Spirituality: Introducing The Wheel Of The Year

You're probably familiar with the Winter Solstice and Spring Equinox, but what about Samhain, Lammas and the rest of these seasonal celebrations?

Original Artwork by Rosie Bowker

Our Spirituality Editor, Jen CK Jacobs, introduces us to the eight primary holidays that she'll be exploring with us here at The Fold, all inspired by the earth and its natural cycles. We're excited to share these celebrations together throughout the year. 

My mother loves holidays — any excuse to gift a book, really. Raised Jewish, we naturally celebrated Passover, Hanukkah and all of the ubiquitous dates on the Jewish calendar, but I also possess clear memories of coming to our long dinner table, a book wrapped with a bow awaiting our impatient fingers, as she announced our surprise Spring Equinox feast. 

When I was 14, one of those books tucked secretly under the table was Marion Zimmer Bradley’s The Mists of Avalon — a sweeping saga of the Arthurian legend told by the most powerful women of the time. That book not only introduced me for the first time to truly formidable female protagonists, but also sparked a love of old world magic that has been my spiritual anchor ever since.

I have explored a plethora of practices throughout my life, but the magic I hold closest to my soul is gem healing and honoring the earth through the moon cycles and the Wheel of the Year. There are eight primary holidays that make up the Wheel of the Year:

1. Samhain: In late October, the mist lifts between the worlds of the living and the dead. This is a wonderful time of year to honor those we love and have lost and to reflect on and honor the process of grief.

2. Yule (the Winter Solstice): December 21 is the darkest night of the year, and it beseeches you to look back at all you’ve learned and how you’ve evolved over the last 12 months. The Yule is about bringing light back into the world…and back into our everyday.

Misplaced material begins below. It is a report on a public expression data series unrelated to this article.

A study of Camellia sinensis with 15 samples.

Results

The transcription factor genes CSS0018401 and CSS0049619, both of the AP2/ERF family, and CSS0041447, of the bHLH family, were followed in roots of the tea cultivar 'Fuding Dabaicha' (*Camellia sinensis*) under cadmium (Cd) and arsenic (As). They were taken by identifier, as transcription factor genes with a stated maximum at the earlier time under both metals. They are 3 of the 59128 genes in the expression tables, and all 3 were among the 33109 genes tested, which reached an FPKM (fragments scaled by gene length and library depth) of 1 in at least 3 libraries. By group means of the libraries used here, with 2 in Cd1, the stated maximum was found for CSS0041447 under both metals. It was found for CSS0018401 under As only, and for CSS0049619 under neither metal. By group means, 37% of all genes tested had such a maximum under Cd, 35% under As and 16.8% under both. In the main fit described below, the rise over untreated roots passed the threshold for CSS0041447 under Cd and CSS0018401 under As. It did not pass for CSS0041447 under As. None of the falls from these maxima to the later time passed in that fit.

3. Imbolc: In early February, we celebrate the return of light to our days — and the coming of spring. It is an especially sacred holiday for women and a wonderful time for empowerment and mental and emotional rebirth.

4. Ostara (the Spring Equinox): The world is awakening anew, and the theme of rebirth (mental, emotional and physical) is central to the Spring Equinox, celebrated in March.

5. Beltane: This ancient festival once marked the beginning of summer on the first of May – it is a celebration of fertility and sexuality, the latter of which can be physical or metaphorical.

6. Litha (the Summer Solstice or Midsummer): The longest day of the year is on June 21st. It marks the counterpoint to the Yule and is a wonderful time to harness the power of the sun.

7. Lammas: Celebrated on August 1st, it is a time to pause and give thanks. As we look at the work we’ve done to create the coming harvest, our bodies and spirits need a moment of reprise to truly live in the moment.

8. Mabon (the Autumn Equinox): This is a time to gather and give thanks in September. As the earth shifts from light to dark once again, it is a time to create sacred spaces indoors and to gather around the table to honor the gifts of the harvest and the connection to one another that keeps us tethered.

I will be writing in more detail about these celebrations over the year and sharing traditions to honor each of them in ways that can bring peace and balance to your life. Together we will create ancestor alters to honor those we love; you will learn how to create your own Book of Shadows (your personal journal of spiritual ritual), how to charge your crystals with intention at Midsummer’s and so much more. It does not matter your religion — these celebrations are not about worshipping pagan deities, but about honoring the cycle of life. As I ever so gracefully age into my 40s, I have found that observing such moments either through quiet reflection on my own or through family gatherings has created a deep sense of connection to the world around me. My hope is that you find such insight as well.